Recreational cocaine use granted to two users by Mexican judge
Could recreational cocaine use be decriminalised in Mexico?
One of the nation’s with the most had core relationship with cocaine is taking a different approach to the war on drugs.
In a landmark ruling, a Mexican judge has granted two people the right to use cocaine recreationally, giving them freedom to “possess, transport and use cocaine,” according to Mexico United Against Crime (MUCD), however drawing the line at selling- excuse the pun.
For a country seeking to end the war on drugs, MUCD called the ruling a “historic step.”
MUCD said the Mexico City court ordered Cofepris, the country’s health authority, to authorize the claimants’ recreational use of cocaine. However, Cofepris told the AFP news agency it had taken steps to block the order.
Not completely in the clear, the ruling will only come into effect if a panel of judges from a higher court side with the original decision. If this happens, the ruling will only apply to the two people who brought their cases forward.
MUCD made a statement on Tuesday, saying the cases represent “another step in the fight to construct alternative drug policies that allow [Mexico] to redirect its security efforts and better address public health.”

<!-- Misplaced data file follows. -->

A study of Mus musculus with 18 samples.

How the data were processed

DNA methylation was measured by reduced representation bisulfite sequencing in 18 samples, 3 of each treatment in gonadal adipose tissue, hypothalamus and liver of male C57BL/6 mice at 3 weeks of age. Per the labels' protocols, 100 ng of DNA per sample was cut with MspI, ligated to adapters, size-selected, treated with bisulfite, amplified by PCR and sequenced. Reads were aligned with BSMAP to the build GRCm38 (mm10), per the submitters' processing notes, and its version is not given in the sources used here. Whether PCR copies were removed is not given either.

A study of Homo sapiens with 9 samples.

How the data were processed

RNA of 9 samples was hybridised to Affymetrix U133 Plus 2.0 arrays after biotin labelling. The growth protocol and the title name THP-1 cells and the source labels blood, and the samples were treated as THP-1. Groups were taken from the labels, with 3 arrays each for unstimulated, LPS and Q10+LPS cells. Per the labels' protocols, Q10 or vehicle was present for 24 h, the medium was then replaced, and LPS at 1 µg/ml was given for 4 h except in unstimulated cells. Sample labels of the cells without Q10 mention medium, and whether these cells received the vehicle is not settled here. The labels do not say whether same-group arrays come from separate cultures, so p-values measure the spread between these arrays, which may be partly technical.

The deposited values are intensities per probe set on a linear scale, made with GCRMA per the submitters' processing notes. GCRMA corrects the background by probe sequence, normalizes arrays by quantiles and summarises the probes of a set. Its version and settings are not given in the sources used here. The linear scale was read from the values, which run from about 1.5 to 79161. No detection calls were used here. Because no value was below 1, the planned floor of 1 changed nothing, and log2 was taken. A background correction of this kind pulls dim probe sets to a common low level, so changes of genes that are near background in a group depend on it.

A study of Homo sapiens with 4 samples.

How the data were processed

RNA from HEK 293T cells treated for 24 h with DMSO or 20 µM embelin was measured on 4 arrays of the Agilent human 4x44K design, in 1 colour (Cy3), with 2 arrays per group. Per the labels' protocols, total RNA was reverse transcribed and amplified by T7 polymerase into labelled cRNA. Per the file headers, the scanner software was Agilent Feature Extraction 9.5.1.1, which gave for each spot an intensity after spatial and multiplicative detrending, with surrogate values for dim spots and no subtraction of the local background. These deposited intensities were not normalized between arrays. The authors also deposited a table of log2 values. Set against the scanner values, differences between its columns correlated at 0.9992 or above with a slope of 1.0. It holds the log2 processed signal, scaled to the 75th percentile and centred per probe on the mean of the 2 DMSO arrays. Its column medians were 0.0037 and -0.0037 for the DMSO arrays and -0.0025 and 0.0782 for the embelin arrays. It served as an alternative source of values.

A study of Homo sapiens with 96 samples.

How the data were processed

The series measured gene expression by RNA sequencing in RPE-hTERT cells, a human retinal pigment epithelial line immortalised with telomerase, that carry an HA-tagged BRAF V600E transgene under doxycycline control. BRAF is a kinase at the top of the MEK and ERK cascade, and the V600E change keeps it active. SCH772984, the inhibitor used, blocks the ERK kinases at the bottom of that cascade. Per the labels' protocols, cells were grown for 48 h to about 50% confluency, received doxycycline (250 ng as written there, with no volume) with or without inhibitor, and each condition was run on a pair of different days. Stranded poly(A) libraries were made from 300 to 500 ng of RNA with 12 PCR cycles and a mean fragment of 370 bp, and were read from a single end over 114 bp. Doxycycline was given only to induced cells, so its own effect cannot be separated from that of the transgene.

It’s no secret that Mexico is plagued by drug-related homicide and crime, with the number of casualties having risen to 33,341, a 15% increase from the previous year.
Simply put, the war on drugs as we know doesn’t work and has never worked. Maybe it’s time to follow Portugal’s drug policy?
President Andrés Manuel López Obrador has promised “radical” changes in Mexico’s approach to tackling drugs, so it will be interesting to see how this will play out.
Who know, maybe recreational cocaine use will be completely decriminalised in Mexico sooner than we think.